Maternal mortality in California

What’s going on in California? Why has the maternal mortality rate risen so sharply?

Nathanael Johnson, of California Watch, broke the story yesterday:

The mortality rate of California women who die from causes directly related to pregnancy has nearly tripled in the past decade, prompting doctors to worry about the dangers of obesity in expectant mothers and about medical complications of cesarean sections.

For the past seven months, the state Department of Public Health declined to release a report outlining the trend.

California Watch spoke with investigators who wrote the report and they confirmed the most significant spike in pregnancy-related deaths since the 1930s. Although the number of deaths is relatively small, it’s more dangerous to give birth in California than it is in Kuwait or Bosnia.

Unfortunately, it is impossible to figure out what is going on because the state of California is withholding information on the deaths. We don’t know the causes of death, the demographics of the mothers, or the level of care they received.

Although the state of California refuses to release the case by case accounting of the deaths, we can find some information. The California Maternal Mortality Care Collaborative (the same entity that is withholding the complete report) has some startling graphs on its website.

The graph above reveals several interesting findings. First, the maternal mortality rates have been rising in the US as a whole, but have been rising faster in California. Second, the large increase after 2002 reflects the change in the way that maternal mortality is reported. It had been suspected for some time that maternal mortality in the US was being substantially underestimated. New data collection forms confirmed this undercounting; hence part of the rise in maternal mortality reflects better data gathering. Third, rates of maternal mortality are so low that a few deaths can dramatically change the rates, hence the sawtooth nature of the graphs. Fourth, although the rates fluctuate from year to year, the overall trend is upwards.

The graph displaying racial differences in California maternal mortality is truly mind boggling.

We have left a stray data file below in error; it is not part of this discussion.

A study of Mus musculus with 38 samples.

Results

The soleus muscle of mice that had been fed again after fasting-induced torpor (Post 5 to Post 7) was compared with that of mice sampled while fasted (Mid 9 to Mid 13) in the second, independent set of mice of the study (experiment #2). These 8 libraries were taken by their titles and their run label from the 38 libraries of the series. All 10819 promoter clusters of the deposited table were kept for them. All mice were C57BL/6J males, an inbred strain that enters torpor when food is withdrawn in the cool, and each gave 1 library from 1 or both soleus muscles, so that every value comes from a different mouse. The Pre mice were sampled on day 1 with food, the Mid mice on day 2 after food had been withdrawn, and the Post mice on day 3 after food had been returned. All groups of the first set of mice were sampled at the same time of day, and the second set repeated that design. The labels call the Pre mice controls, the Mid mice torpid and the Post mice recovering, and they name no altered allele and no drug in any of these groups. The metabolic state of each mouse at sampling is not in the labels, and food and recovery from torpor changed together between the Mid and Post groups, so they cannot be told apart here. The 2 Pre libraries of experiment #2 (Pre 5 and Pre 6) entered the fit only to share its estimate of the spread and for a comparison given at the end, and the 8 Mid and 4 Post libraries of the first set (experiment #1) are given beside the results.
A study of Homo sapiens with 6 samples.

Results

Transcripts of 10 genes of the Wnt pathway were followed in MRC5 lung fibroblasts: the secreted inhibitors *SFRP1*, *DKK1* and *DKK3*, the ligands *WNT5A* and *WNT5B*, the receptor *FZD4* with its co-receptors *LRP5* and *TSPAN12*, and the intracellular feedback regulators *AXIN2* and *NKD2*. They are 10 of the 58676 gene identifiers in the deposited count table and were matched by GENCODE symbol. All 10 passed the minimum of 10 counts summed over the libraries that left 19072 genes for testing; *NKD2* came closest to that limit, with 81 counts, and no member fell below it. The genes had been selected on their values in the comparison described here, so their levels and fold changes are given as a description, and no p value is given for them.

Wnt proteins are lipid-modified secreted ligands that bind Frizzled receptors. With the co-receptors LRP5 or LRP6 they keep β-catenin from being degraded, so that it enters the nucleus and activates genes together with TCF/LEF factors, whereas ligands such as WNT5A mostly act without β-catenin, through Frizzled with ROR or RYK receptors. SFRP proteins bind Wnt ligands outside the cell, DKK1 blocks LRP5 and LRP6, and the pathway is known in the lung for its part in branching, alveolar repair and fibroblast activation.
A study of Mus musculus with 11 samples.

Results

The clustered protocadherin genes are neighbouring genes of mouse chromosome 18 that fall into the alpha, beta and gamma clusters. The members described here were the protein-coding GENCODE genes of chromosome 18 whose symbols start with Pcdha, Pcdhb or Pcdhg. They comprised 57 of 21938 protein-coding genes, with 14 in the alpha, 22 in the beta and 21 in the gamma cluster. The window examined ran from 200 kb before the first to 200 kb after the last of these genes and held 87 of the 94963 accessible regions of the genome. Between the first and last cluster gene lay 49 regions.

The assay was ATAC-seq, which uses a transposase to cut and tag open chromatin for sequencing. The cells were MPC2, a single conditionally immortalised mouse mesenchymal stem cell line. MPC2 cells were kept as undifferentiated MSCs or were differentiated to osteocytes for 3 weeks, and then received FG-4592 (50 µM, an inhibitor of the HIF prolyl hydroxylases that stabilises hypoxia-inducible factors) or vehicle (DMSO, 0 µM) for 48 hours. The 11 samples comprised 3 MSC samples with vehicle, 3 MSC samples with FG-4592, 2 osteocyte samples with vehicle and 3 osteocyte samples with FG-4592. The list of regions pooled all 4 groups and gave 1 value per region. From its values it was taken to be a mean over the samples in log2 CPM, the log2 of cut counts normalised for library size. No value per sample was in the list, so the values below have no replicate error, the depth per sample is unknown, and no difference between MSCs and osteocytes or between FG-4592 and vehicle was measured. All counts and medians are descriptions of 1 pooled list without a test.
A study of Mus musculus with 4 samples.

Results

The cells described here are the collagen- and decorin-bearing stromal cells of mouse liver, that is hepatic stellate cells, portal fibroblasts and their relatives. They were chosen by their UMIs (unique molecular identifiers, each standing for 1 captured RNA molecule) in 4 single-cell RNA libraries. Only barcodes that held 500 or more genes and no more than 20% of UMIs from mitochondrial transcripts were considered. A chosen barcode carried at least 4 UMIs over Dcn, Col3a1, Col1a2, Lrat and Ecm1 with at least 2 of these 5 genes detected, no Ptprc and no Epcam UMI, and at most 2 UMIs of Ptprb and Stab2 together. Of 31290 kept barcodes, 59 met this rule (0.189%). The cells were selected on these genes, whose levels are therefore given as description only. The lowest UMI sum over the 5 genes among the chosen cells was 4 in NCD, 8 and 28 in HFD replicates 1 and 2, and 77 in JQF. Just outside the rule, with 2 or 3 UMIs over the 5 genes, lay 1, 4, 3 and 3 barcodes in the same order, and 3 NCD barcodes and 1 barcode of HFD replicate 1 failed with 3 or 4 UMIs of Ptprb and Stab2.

Maternal mortality among Asian and Hispanic women is lower than or equal to the rates for white women. The maternal mortality rate for black women is astoundingly high, topping out at an extraordinary 54.9/100,000. That number is more than triple the rate for women of other races, and is consistent with overall US data from 2006 (white maternal mortality of 9.5/100,000 compared to black maternal mortality of 32.7/100,000). African Americans make up only 6% of the population of California, less than half the nationwide percentage, so the high rate of black maternal mortality cannot be blamed for the increase in California maternal mortality.

What is the reason for the high and rising rate of maternal mortality in California? Without patient level data, it is impossible to know. However, there are three possibilities: changing characteristics of pregnant women, changing level of care provided, and change in the type of care, specifically the rising C-section rate.

Does the increase in maternal mortality reflect an increase in obesity, age or fertility treatment in pregnant women? We don’t have access to the data that will tell us. Is the increase in maternal mortality related to California’s worsening fiscal status and associated cutbacks in services? We don’t know that either. We do know that the C-section rate has been rising dramatically all across the US. The C-section rate in California in 2006 was 31.3% almost exactly the same as the overall US rate. This is an increase from the US rate in 2003 of 27.5%, representing an increase of 13.8%.

Is the rising C-section rate responsible for the rising maternal mortality rate? Without patient level data we cannot know, but it certainly is a possibility. I have written in the past about the diminishing returns of an ever increasing C-section rate and predicted that there would be a point at which the risks to mothers would outweigh the benefits to infants. I await the release of the California report to find out if we have reached that point.